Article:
Portland, Oregon voters have said no to adding fluoride to the drinking water. Portland’s drinking water comes from the foothills of the Cascade mountains and runs naturally clean.
The measure to add fluoride to the drinking water was struck down with more than 60% voting against it. Reasons for voting against the measure included the potential for higher incidences of diabetes, thyroid disease, kidney disease, and bone cancer. Advocates for fluoridated drinking water pointed out that those diseases are associated with fluoride in much higher concentrations than that found in treated drinking water.
The Sierra Club noted that heavy metals could be inadvertently added to the drinking water with the fluoride chemicals. H2SiF6 and Na2SiF6 are common fluoride compounds added to municipal waters. Both chemicals often contain impurities, such as lead or arsenic, which would be added to the water supply, along with the fluoride. The heavy metals would then make their way into the local aquatic ecosystems, affecting salmon in addition to humans.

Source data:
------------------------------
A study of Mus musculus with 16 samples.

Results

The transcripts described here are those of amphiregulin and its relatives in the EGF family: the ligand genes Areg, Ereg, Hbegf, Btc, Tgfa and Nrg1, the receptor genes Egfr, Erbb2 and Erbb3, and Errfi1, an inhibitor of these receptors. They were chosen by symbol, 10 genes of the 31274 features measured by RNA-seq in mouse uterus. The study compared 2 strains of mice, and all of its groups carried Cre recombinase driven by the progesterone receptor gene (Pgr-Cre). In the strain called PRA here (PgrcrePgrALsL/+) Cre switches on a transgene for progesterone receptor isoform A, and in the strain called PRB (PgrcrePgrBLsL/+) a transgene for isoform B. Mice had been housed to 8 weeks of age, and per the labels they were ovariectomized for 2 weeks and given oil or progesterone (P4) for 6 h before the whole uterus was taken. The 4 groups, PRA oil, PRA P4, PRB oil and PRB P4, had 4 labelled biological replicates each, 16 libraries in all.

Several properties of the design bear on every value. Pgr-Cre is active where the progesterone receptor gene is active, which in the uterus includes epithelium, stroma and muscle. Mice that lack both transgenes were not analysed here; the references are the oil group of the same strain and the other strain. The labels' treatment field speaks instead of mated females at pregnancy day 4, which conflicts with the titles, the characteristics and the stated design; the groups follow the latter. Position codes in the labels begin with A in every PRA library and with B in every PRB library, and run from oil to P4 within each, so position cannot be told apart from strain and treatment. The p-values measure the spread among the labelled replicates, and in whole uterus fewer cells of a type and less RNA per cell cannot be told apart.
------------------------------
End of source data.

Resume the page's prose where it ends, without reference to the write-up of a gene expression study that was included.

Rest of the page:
Dentists and doctors groups expressed dismay that a proven cavity-prevention tool was not being used. However, a recently released statewide report on dental health showed that Portland and the surrounding areas have fewer cavities than other parts of the state with fluoridated water. Between 2007 and 2012, the percentage of Oregon children with untreated tooth decay dropped from 36% to 20%. In the Portland area, the percentage went from 25% to 21%.
In 2011, the U.S. government recommended reducing the amount of fluoride in municipal water systems. A study found that 41% of children showed signs of mild fluorosis. Since fluoridation of public water systems began in the 1940s, fluoride toothpaste and dental care have become more accessible to the general public. Fluoride in the drinking water is no longer seen as necessary, even among many who believe fluoride has more benefits than risks.